This Will Definitely Be a Great Presentation

Katie Kloska's picture

Katie Kloska presenting her poster at ACS meeting in New OrleansThis week I attended the national ACS (American Chemical Society) meeting in New Orleans. I attended seminars about physical chemistry developments and the graduate school process. In addition, I presented my poster titled, “Gas Phase Spectra of MgO Molecules: A Possible Connection from Gas-Phase Molecules to Planet Formation”—a project that I completed at Georgia Southern University this summer during their NSF REU.

I have always considered presenting to be one of my stronger skills. I grew up as a performer, so I am confident standing in front people and speaking. Throughout high school I was often able to quickly throw together presentations and effectively deliver them. Gaining more experience speaking at conferences, I have started to notice a trend in my own behavior and tone as different audience members stop by to hear my spiel.  My attitude can quickly change from serious to excited to fearful all within a 20 minute interchange of 3 audience members. Most of the time, my mannerisms will reflect the mannerisms of the person I am presenting to. Other times, my professionalism and speaking skills will simply fail when somebody I admire comes to hear me talk.

A woman approached my poster and began with the question “What does gas spectroscopy have to do with planet formation?” Initially hearing this question, I thought it would be an easy question to answer because my project proposes that spectroscopy can be used as a planet-detection method. I assumed she was very knowledgeable on the subject and I started to panic. The first 20 seconds of this presentation consisted of me sloppily starting sentences and then restarting them. “Spectroscopy…spectroscopy can be used to detect planets… well do you want to know… hmm… let’s start from the beginning.” I ended up giving her my stock speech because I couldn’t figure out how to form an answer to her initial question without background on the topic. At the end of my talk, she seemed unimpressed. She stared at my poster and started pointing at data oh no. She pointed out 2 small typos on the poster and started to ask me what they meant and how I acquired the data that they represented. To a less intimidating audience member, I could have easily taken a breath and realized that I had just wrongly capitalized the omega symbol that is used to symbolize harmonic wavenumbers. However, I was thoroughly intimidated, so I stayed silent for a few seconds and replied with “I’ll have to look at that.” She continued to ask me more questions that I was not prepared to answer and it ended with a whirlwind of stress and disappointment.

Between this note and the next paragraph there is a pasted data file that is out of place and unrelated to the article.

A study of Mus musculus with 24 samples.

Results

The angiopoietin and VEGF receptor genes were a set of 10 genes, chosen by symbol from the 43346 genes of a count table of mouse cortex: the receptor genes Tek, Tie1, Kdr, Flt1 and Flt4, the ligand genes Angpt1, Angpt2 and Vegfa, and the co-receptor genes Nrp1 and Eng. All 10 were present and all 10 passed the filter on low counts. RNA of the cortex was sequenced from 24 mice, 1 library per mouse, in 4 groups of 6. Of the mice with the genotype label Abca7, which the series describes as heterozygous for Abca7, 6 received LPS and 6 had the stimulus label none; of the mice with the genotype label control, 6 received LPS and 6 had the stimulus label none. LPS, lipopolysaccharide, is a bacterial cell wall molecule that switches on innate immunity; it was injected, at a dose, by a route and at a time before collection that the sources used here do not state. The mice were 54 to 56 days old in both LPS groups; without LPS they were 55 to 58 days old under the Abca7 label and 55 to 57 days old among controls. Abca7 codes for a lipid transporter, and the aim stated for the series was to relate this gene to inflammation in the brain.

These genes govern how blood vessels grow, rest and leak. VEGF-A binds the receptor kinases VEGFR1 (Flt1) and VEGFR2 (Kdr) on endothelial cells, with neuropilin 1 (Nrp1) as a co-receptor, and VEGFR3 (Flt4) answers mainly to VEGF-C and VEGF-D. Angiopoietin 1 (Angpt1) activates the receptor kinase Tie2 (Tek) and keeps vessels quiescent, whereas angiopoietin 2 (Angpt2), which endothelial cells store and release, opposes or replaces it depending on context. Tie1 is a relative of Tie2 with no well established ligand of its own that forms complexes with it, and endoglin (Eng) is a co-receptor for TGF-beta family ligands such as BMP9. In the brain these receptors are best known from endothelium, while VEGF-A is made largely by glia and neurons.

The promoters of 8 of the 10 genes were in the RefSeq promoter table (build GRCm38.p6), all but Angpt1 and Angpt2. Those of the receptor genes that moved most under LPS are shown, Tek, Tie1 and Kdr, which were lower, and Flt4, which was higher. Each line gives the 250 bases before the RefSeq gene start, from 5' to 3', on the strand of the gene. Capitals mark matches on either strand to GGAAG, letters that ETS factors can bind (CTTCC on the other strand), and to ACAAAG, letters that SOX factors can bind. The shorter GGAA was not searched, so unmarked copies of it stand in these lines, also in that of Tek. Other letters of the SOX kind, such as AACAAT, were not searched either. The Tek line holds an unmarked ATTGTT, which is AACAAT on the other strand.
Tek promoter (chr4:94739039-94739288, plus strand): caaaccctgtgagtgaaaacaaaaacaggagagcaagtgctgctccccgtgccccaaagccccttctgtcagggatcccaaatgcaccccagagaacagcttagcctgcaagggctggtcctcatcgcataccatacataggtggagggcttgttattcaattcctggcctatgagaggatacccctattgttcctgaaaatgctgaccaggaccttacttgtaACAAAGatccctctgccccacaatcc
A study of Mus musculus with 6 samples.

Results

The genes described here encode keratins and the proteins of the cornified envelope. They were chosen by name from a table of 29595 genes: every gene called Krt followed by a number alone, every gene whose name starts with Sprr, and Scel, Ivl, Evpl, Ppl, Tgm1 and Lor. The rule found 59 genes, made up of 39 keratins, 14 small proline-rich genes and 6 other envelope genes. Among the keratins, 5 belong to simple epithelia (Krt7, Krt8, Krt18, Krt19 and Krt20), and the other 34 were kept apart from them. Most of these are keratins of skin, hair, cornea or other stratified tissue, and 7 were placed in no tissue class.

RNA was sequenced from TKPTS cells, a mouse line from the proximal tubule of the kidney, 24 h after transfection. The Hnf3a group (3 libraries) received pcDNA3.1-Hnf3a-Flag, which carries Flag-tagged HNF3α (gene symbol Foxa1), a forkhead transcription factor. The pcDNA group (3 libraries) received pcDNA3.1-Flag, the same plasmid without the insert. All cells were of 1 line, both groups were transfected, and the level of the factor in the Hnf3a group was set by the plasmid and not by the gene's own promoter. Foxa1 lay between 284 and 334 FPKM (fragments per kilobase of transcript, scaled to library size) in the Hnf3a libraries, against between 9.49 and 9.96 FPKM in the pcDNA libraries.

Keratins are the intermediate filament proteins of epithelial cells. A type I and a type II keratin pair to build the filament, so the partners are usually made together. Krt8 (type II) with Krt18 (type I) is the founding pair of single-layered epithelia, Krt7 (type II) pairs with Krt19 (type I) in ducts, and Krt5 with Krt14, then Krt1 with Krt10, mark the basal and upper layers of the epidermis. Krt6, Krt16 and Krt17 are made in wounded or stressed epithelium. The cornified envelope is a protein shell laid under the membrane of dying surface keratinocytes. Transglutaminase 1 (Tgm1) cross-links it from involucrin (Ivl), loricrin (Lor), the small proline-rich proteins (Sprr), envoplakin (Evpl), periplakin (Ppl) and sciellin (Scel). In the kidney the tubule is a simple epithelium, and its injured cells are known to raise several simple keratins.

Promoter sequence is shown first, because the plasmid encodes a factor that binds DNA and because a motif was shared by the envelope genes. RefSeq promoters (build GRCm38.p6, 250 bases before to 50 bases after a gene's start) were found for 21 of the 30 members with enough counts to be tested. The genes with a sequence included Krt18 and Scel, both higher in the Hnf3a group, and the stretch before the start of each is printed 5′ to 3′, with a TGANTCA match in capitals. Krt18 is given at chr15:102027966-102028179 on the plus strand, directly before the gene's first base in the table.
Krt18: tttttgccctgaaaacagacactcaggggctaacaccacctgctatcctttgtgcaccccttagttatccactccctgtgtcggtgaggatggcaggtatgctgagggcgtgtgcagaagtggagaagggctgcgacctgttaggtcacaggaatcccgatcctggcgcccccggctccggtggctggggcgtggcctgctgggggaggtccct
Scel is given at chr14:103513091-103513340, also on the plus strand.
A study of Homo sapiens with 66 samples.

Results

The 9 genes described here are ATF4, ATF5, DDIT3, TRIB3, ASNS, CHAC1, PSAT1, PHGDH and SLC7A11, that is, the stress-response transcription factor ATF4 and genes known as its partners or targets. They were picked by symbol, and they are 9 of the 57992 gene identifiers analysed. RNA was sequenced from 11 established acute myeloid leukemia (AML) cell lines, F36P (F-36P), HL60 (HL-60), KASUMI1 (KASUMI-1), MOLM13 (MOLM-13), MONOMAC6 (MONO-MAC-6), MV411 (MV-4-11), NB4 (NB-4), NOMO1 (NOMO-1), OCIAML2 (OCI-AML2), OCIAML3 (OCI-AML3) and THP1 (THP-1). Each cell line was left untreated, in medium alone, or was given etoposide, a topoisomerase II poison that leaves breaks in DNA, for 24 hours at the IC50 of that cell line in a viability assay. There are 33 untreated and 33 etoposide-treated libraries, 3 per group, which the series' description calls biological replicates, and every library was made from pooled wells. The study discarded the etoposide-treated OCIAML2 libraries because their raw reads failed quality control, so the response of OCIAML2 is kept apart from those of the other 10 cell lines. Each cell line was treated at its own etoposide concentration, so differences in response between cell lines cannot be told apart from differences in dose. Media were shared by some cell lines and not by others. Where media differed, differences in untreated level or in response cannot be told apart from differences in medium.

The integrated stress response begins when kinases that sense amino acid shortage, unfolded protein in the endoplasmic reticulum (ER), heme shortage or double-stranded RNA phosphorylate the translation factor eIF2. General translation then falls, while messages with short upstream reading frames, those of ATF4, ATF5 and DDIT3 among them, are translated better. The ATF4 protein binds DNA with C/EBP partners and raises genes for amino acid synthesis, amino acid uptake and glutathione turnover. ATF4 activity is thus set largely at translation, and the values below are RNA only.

After we shook hands and she walked away from my poster, I realized that (after presenting the project at two separate conferences) she was the first woman to ever approach this specific poster. Although I completely butchered our interaction, I was happy to be able to share my research with her. In my head, I have built up women in science so much that I now view versed women in physical chemistry as triumphant crusaders who have blazed a trail for my colleagues and myself. In another way, they intimidate me because I know how hard they have worked. While I could have reviewed my poster a few more times to avoid this flub, I partly attribute my poor delivery on how she was able to intimidate me simply by being a woman in science.

Although it’s a small sentiment, I hope that my subconscious continues to hold these women on a pedestal. Hopefully, as time passes I will become less intimidated and I will be able to learn more from them when they visit my posters at conferences.